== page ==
Amanda
      Keymaster

      ALS, those terrible three little letters! What did you feel when you first heard them in reference to your diagnoses?

      Many times when a person gets a diagnosis of something there is a sense of relief just because now they can understand and “fix” what ails them. This is not the case when you are diagnosed with ALS a disease with no cure. It is impossible to always feel positive when you have a disease like ALS. That is unrealistic in my opinion.  I think it is only natural to grieve when you have ALS.  Grief is not just an emotion we experience when someone we know or loves die. You can grieve the loss of your health, the loss of your dreams, your future, what you thought would be. You can even grieve the loss of someone you didn’t know (I had to explain that one to a parent one day at work.  Their child was crying because they never knew their grandfather and it was grandparents day at school.)  Grief is strong, scary, wrenching, and countless other adjectives.

      So let’s be realistic about being a pALS. We definitely focus on Living Well with ALS and trying to maintain a positive attitude as much as possible.

      Grieving is not a linear path. You can move in and out of different stages daily, or even from hour to hour. Where are you at right now? Do you have tips on managing grief? What do you think?

      ALS and Loss - I AM ALSFrom the I AM ALS website.

    • #18947
      Richard
      Participant

      The 6 stages of loss really hit home. After a year of weakness in my left arm thought to be from a prior rotator cuff injury, surgery in October 2020 did not bring strength back and I was sent for an EMG/NCV of my left shoulder and nerves. During the exam prior to the testing, the doctor notices weakness in my right arm and both hips. I had 2 days of difficult  testing of both arms, both legs, neck and lower back and the testing revealed severe “abnormal waveforms” as a strong indication of Motor Neuron Disease with ALS the most common. As a lifetime endurance athlete, I have raced in over 10 inline skating marathons (26.2 miles) in Napa Valley, Chicago and Houston since 2010 and have won many medals in my age group. I am now 66 and the reality of never skating again has been extremely emotional. As recently as Oct 2020 prior to the shoulder surgery, I was skating 12-15 miles 3-4 times a week and felt great. When I decided to put on my skates last week to see if I still had the ability to skate a little, my legs and ankles felt wobbly and there was no way I could head to the park to skate in this condition. I am under the care of an excellent Neuromuscular Disease doctor at Columbia/NY Presbyterian Hospital  in NYC, have been prescribed Riluzole, Tudca along with vitamin supplements. I do my best to walk each day and do light physical therapy at home so I am passing the denial stage and feeling shattered at the loss of my “normal athletic life functions and future expectations”  as I enter into my retirement stage in 2021. Rich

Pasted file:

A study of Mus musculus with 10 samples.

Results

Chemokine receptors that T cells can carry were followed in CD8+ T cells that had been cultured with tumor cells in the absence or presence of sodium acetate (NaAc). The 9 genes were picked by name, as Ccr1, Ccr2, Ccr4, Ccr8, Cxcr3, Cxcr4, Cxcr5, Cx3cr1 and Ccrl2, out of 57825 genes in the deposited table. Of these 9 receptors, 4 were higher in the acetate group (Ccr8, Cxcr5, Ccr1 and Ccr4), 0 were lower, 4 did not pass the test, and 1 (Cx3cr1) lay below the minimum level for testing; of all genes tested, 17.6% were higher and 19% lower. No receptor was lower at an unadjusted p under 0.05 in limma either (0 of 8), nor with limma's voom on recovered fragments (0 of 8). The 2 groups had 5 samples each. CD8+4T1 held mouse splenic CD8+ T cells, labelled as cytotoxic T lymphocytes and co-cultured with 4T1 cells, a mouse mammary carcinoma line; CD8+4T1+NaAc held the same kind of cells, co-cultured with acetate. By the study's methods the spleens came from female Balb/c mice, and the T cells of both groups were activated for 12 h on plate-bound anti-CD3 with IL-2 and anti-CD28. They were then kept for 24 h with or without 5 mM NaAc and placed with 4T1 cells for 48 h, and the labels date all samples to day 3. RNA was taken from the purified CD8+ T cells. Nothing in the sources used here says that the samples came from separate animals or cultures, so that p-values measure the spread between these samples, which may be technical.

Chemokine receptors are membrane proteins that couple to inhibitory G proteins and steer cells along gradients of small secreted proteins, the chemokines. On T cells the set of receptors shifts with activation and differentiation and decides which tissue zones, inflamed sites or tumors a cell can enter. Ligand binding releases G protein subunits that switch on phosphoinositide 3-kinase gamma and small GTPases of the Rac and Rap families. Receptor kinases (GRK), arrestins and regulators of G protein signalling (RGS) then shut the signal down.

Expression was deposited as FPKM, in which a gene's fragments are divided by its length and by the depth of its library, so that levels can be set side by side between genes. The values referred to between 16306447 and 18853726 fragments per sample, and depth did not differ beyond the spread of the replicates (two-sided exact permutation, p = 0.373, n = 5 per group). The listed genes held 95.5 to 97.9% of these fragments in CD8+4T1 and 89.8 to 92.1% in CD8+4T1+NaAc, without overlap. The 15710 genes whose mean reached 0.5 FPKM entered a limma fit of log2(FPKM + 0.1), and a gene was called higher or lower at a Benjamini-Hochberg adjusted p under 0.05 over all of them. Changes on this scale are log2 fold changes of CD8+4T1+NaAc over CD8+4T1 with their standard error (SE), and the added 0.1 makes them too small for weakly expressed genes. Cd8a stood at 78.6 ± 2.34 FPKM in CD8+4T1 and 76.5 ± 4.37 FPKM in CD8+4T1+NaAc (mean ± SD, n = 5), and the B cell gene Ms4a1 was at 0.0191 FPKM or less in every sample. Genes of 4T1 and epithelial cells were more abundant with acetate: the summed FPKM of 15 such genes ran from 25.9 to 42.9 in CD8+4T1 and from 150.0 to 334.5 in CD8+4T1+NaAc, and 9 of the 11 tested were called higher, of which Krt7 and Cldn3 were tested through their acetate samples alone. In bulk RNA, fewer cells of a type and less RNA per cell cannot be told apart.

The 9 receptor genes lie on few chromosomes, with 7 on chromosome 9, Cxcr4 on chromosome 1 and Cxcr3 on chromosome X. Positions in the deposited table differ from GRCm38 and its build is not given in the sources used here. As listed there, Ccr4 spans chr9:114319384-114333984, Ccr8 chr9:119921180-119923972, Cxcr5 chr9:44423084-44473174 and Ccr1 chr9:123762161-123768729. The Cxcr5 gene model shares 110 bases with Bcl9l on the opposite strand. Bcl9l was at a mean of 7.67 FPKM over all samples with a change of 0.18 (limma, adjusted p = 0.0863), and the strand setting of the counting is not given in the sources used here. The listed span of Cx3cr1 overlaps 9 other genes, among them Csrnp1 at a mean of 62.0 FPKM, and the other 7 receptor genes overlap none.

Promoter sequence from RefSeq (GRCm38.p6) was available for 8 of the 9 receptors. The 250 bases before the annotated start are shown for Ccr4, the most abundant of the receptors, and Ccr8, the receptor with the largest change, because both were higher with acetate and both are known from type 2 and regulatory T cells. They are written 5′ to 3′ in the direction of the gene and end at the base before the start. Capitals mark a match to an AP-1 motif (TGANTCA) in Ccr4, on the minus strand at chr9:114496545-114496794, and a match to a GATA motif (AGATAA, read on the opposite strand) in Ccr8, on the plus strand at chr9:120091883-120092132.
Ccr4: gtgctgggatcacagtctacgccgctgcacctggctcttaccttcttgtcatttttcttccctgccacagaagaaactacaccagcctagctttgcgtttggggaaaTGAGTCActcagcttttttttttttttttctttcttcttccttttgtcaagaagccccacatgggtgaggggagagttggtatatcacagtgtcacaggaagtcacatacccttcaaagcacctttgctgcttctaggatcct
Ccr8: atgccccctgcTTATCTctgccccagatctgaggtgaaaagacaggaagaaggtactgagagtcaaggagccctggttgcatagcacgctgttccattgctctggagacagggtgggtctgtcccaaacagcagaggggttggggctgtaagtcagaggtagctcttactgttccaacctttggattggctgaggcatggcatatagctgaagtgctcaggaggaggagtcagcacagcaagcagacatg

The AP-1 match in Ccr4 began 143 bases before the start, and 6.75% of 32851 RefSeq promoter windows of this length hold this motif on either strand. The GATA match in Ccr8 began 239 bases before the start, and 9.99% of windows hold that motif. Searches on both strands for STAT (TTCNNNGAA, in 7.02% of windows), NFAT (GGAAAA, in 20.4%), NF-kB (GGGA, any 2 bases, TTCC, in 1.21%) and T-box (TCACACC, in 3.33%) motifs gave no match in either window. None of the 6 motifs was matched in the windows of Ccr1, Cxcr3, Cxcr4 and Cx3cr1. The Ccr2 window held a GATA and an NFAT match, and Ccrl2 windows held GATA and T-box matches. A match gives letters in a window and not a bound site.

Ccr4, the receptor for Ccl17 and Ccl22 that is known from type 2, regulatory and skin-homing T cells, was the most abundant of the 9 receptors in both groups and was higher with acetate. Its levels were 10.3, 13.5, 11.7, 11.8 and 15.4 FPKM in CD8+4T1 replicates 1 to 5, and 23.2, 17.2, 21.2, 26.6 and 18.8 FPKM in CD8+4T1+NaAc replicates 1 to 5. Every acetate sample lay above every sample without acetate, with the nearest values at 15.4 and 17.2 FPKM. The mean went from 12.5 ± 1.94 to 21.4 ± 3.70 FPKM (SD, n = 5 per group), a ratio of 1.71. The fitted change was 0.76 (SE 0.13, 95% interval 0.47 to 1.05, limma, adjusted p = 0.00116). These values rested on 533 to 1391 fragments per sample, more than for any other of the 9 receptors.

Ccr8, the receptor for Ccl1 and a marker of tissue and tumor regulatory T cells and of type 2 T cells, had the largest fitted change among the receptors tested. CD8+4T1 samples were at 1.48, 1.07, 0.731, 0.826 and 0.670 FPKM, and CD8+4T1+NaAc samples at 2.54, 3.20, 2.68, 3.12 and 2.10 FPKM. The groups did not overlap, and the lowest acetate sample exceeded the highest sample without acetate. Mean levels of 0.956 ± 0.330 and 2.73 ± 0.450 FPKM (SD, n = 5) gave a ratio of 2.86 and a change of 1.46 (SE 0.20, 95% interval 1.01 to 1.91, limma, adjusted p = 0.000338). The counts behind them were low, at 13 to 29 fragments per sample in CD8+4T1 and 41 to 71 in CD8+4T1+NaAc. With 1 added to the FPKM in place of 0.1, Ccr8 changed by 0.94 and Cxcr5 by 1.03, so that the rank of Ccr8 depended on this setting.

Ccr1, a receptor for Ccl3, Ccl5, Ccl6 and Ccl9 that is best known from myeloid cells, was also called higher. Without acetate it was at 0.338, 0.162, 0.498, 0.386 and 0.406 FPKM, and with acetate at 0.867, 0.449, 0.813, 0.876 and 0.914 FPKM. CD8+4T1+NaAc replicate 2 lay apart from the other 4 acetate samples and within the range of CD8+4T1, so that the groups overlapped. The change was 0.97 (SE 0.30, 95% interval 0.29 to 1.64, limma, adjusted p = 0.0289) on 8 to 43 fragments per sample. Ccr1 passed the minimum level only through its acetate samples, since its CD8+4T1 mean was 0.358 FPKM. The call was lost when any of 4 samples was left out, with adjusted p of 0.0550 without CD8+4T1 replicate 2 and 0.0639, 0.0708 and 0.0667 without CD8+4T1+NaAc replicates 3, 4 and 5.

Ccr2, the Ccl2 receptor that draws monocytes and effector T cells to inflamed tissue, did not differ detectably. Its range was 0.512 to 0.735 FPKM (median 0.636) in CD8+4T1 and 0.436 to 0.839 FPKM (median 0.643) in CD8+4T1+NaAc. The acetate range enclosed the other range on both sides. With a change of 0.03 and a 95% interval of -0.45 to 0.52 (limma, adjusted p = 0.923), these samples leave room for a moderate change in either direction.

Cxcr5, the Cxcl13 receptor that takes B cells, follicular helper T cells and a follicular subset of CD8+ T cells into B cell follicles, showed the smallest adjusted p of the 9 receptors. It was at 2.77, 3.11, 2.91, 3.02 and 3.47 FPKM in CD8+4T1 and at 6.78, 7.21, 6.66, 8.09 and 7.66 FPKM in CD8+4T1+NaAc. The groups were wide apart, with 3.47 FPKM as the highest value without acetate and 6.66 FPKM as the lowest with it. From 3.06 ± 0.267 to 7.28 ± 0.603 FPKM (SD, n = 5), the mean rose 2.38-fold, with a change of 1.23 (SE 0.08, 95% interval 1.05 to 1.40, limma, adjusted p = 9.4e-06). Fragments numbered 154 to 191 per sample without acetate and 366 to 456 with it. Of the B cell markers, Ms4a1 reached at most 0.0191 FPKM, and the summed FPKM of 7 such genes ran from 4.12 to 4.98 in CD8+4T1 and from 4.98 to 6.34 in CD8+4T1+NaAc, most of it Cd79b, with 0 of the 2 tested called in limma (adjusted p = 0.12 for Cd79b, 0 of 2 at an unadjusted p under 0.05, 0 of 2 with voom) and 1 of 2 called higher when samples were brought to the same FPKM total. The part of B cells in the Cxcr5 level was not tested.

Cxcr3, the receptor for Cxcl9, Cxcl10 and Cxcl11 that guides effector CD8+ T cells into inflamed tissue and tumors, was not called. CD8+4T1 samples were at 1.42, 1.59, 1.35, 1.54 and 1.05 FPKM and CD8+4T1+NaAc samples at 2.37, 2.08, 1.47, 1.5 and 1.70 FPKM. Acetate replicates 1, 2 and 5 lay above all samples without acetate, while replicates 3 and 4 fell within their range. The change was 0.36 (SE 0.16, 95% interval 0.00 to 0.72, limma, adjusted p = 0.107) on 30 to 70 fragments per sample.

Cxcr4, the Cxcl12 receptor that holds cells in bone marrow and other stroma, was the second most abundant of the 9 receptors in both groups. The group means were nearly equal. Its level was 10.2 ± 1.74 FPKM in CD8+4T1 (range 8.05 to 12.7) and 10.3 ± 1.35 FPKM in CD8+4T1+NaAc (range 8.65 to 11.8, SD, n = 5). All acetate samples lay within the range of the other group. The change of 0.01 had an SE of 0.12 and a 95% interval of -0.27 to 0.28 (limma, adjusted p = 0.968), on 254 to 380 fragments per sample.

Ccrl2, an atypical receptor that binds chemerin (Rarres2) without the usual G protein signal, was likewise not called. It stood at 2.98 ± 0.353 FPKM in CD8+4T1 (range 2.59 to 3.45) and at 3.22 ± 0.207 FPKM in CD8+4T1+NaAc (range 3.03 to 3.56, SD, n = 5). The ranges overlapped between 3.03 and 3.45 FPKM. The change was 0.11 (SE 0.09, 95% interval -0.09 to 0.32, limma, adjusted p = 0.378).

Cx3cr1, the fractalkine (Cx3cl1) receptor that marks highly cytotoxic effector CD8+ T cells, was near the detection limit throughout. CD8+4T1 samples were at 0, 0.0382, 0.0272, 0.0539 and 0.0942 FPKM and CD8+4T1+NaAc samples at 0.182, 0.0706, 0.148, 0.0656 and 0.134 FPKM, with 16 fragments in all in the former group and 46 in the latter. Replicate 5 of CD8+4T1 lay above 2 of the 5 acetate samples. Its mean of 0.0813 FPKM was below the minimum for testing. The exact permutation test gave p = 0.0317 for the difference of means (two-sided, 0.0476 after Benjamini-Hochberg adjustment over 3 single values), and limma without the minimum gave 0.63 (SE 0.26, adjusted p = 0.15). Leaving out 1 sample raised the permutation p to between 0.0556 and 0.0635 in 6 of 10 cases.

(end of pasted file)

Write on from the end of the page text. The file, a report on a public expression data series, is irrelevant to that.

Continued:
• #18961
        Marianne Opilla
        Participant

        Richard I feel your loss of the skating. You will treasure those memories.  For me it was skiing.  I would put my ski boots on from time to time and wonder if I could ski one more run.  My last ski was epic in March 2020. I went to Switzerland and skied at the base of the Matterhorn.  I re create that in my mind often.  I grieved giving up my Subaru Outback with the ski racks.  Anyway, I guess I have moved into the acceptance phase for now.  At times drifting back into the depression.   I haven’t been able to find any meaning to this horrible fate.

        Take care and look at those medals and remember…

    • #18963
      Kathy stitz
      Participant

      I have been feeling very depressed and sometimes angry about having this horrible condition.   Sometimes people tell me they are thinking of me or praying for me and I really appreciate them saying that but those of us who have ALS are not going to get better, only worse.  That’s just the reality of this diagnosis and it’s very hard to accept and deal with and it can often become overwhelming.  I really wish I had a cure for this for all of us who are suffering every day.